MEA takes a look at WATG's work on the Royal Muscat Opera House
The Royal Opera House in Muscat has turned a lot of heads since it was first announced in 2001, but almost nine years on the project is progressing smoothly towards its targeted grand opening in October 2011.
When complete, the opera house will be only the second of its kind in the Middle East and occupy an area of 80,000 m2, half of which will be set aside for landscaped gardens. The complex will also include a mini-theatre, restaurants and luxury stores.
Designed by WATG and commissioned by opera-loving Omani ruler Sultan Qaboos, the building imitates an Italian-style opera house but sits in the surroundings of Muscat’s diplomatic quarter alongside a number of government buildings, including the foreign ministry.
Iman Hindawi, general director of the Royal Opera House in Muscat, told AFP in an interview last month that the opera house was originally supposed to be finished in time for the 40th anniversary of Sultan Qaboos rule, in 2010, but that “construction is proceeding at an appropriate pace and it will be ready by October 2011,”
Also speaking at the end of last year, project director Hamid al-Ghazali said that the biggest challenge during construction had been organising the manpower on site, with some 1,500 workers and 40 subcontractors involved in the project.
“Coordinating them all to work together isn’t easy,” Hamid said.
WATG’s involvement in the project began in 2003, when Royal Court Affairs of the Sultanate of Oman invited firms to compete for the design of the project.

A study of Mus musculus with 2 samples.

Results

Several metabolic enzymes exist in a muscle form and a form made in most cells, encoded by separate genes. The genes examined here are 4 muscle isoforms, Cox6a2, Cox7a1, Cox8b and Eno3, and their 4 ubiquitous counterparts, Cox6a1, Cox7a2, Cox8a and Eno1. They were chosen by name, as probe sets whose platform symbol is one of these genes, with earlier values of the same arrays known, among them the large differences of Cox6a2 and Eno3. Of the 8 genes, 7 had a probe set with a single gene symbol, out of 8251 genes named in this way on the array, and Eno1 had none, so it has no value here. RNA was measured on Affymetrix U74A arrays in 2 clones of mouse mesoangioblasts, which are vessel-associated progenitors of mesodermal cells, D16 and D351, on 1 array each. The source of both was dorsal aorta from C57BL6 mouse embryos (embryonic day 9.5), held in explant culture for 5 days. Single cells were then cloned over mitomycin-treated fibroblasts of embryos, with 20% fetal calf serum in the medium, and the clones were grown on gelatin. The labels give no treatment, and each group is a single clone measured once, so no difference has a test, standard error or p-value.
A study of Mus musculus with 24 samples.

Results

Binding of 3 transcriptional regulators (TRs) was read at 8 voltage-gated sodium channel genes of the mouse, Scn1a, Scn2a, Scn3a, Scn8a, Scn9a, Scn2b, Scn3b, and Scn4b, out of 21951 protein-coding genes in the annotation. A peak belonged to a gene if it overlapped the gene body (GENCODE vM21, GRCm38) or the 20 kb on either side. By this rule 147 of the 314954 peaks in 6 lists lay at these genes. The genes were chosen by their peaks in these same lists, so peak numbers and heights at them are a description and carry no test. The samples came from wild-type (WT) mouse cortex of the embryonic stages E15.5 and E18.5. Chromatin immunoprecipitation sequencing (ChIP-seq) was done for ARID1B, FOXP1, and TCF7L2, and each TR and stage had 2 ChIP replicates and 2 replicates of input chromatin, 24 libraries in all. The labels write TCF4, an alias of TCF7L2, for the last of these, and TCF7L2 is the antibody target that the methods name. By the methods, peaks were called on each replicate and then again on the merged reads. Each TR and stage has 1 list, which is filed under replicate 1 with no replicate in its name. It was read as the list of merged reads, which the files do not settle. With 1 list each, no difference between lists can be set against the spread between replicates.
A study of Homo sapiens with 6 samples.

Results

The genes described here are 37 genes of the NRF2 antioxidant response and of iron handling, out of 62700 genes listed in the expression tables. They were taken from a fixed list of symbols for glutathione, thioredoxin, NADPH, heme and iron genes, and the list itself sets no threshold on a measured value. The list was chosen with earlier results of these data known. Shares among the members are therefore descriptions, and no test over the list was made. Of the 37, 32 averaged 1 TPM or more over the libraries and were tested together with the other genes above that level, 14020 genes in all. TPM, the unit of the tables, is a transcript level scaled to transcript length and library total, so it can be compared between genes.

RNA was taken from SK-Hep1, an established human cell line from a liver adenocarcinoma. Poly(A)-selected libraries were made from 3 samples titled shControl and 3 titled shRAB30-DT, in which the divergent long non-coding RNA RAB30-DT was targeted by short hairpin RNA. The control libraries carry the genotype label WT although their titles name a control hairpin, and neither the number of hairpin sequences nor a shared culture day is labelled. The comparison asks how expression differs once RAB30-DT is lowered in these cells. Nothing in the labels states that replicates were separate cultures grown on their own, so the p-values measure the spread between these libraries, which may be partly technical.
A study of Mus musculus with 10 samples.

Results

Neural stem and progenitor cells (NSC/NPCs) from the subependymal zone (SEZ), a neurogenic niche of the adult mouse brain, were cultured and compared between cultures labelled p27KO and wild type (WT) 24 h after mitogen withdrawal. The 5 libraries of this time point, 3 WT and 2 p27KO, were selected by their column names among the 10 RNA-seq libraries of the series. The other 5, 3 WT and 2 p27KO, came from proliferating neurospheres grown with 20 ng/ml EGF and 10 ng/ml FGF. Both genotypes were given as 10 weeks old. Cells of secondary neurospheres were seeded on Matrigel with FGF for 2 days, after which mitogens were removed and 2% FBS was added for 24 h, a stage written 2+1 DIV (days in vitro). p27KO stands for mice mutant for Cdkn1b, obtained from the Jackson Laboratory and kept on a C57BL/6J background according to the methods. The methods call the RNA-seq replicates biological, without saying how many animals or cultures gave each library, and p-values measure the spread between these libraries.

After a number of competitive stages, WATG won the contract and were invited to lead the team for the complete design and supervision.
This included master planning, architecture, interior design and landscape architecture, as well as design management of the decorative lighting, kitchen design, graphics, signage, all engineering services and acoustic design consultants.
The architectural character of the building was influenced by the grand style of modern Omani palaces, and reflects their outward design features and circulation patterns.
The front entrance is an expansive palm-treed piazza backed by five tall, arched entryways into a hall that forms the central focus of a colonnade designed to create a grand feeling of entrance.
The building is clad in light coloured stone and complementary stucco, which was all locally sourced.
But while limited images of the exterior of the project have become available, the interiors, along with the cost, remain a mystery. The first person to see the inside when it is finished will be the Sultan himself.
“It is the best-kept secret in Muscat,” an on-site associate of director Hindawi told AFP, speaking on condition of anonymity.
The only other opera house in the Middle East and North Africa region is in Cairo, Egypt, which was established in 1988.